Title: Penguin Problems
Author: Jory John
Illustrator: Lane Smith
Publisher: Walker Books
RRP: $24.99

Penguin wakes up in a bad mood. It is too early, the sun is too bright, and the other penguins are too noisy. Nothing seems to be going right for him. He looks for food, only to be hunted by various animals. When he exclaims loudly ‘I have so many problems’, a walrus enters and points out the positive aspects of Penguin’s life and surroundings. Penguin takes this on board, until the day ends too quickly and his beak is cold.

This is an effective look at positive thinking and taking for granted what you already have, or not in this Penguin’s case. The verbal text is succinct and clearly shows Penguin’s nature. I am sure young readers will be able to identify with waking up in a dark mood! The large format illustrations are clear and uncluttered. Smith has used a marbling type effect that suits the setting of the cold environment. The colour palette is restricted to mostly black, orange, white, various shades of blue and the occasional yellow for the sun. It is sparse, mirroring the environment in which Penguin lives. The verbal text is in a different colour for each narrator and Penguin addresses the reader in a metafictional aspect several times. With no borders on these pages the viewer is effectively brought into the story. Frames are used in other ways throughout, such as a double page spread divided into four sections when Penguin searches for his parents and one page divided into four when he shows how he waddles when he walks. This technique slows the reading and increases the level of humour.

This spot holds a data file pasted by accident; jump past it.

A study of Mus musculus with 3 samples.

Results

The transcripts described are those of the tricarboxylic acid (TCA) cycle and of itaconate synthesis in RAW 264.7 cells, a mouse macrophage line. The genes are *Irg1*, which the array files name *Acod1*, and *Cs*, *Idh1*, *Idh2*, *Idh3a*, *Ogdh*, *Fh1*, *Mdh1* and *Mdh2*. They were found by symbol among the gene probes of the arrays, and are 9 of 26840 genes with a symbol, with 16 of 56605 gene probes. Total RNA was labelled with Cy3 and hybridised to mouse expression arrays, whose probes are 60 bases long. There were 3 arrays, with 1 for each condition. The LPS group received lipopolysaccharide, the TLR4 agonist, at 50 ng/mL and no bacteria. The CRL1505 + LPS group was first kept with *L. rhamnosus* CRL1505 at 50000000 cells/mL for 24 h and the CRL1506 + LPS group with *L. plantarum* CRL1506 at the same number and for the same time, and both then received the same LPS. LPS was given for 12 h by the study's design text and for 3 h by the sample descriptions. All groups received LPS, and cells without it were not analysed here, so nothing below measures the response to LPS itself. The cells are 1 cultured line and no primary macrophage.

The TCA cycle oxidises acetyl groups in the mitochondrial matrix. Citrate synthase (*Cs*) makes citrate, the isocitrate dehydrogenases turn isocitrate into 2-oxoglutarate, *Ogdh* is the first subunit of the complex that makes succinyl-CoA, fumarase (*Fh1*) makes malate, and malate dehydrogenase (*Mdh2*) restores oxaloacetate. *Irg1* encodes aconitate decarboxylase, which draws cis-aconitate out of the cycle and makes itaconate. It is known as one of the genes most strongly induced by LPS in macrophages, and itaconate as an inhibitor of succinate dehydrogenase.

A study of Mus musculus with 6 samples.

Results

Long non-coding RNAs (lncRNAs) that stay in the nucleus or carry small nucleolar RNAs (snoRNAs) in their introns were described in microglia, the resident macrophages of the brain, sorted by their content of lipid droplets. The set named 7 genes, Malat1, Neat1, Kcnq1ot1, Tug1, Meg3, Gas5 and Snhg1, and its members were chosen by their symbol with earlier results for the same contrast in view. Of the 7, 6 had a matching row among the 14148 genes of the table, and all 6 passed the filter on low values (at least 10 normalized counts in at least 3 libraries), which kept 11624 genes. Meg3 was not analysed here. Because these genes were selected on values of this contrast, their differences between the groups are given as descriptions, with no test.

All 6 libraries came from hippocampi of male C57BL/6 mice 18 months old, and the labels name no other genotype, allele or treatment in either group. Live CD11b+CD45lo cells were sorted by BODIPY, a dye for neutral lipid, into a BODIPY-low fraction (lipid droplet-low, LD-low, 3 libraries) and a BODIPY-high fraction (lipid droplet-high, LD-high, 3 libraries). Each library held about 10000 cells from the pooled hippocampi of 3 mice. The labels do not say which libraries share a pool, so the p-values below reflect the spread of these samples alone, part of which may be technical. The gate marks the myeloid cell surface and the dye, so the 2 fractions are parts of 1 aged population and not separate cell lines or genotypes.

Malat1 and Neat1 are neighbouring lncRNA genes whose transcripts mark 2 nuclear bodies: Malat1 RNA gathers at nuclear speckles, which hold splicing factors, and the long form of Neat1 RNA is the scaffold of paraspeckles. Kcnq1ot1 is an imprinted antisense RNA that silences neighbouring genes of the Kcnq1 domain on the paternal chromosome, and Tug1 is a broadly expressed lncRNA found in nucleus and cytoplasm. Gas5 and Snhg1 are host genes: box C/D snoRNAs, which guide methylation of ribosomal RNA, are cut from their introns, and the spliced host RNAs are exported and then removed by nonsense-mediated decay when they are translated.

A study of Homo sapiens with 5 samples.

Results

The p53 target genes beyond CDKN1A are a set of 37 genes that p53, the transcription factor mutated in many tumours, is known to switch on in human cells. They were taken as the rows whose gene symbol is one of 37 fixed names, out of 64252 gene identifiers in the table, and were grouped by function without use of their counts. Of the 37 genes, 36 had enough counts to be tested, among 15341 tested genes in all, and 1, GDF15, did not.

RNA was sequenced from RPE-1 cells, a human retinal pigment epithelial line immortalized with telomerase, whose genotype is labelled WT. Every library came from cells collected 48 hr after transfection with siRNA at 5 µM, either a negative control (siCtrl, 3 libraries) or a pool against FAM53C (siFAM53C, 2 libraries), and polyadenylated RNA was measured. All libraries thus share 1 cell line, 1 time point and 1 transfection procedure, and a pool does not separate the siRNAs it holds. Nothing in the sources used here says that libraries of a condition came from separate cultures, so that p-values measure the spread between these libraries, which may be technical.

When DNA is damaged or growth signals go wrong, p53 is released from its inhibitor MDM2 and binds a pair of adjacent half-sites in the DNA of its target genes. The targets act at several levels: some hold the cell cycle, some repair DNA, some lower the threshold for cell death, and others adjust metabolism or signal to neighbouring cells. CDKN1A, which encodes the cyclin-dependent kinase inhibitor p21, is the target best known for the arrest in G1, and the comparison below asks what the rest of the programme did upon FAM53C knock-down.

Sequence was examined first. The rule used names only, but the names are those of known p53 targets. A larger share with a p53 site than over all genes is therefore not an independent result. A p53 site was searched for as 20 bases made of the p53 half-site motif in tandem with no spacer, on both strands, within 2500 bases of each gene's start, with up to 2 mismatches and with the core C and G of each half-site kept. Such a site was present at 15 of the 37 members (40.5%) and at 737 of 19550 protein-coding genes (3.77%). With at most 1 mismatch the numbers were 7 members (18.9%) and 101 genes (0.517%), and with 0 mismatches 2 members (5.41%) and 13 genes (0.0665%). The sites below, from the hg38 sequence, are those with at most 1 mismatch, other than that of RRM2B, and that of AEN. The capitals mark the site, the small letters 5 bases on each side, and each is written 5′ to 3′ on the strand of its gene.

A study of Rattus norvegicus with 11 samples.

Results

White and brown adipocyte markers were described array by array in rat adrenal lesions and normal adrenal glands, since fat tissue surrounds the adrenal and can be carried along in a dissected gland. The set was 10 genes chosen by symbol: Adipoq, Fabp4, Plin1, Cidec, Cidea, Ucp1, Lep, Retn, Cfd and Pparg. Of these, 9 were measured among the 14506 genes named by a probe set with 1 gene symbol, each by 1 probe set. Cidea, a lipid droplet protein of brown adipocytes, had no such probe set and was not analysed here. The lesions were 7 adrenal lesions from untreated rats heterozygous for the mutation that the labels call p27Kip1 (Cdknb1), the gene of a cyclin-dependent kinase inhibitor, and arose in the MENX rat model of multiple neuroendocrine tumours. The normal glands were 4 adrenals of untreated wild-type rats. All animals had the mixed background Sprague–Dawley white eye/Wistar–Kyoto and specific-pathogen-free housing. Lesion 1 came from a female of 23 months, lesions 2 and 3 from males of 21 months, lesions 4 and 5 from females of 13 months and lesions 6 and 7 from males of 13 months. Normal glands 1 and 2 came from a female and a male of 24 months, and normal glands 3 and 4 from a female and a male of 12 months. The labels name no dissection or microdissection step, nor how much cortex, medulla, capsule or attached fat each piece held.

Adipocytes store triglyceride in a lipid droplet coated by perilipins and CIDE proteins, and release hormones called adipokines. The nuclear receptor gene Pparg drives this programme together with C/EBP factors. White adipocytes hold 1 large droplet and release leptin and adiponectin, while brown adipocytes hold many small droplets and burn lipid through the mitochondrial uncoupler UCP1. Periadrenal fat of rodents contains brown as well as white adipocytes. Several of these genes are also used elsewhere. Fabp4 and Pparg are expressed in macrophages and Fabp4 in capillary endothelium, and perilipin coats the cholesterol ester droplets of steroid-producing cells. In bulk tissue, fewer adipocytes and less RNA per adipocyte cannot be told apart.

Line and direction are used to effect. Line is used to promote movement and the power of Penguin’s exclamations. A few simple strokes can say much more than verbal text. Direction is used several times to influence the reader to move left to right through the story.

Angles and viewpoint are used in a variety of ways, again successfully involving the audience in the narrative. The black end papers echo the dark mood we find Penguin experiencing.

I can read this book over and over again. It is refreshing each time and Penguin is such a character. I am sure young viewers will be able to relate to him in many ways. The collaboration of visual and verbal texts work extremely well in every way.

Suggested activities:

  • Have children list things they have in their life they can be grateful for, or positive about.
  • Using openings 5 and 6 (double page spreads) discuss food chains. What do these animals eat? How do they hunt? Make a food chain of sea animals.
  • Research various sea animals and where they live.
  • Research different habitats. What is the climate, landscape, vegetation like? What animals live there and what do they need to survive?
  • Research penguins. On a world map, show where they live. How have they adapted to live in these areas?
  • Research flightless birds.
  • Make a penguin using the Penguin Activity Time from the Little Big Book Club (PDF downloads automatically.)

Suitable story time themes:

  • Penguins
  • Feelings

Thank you to Walker Books for supplying this book for review.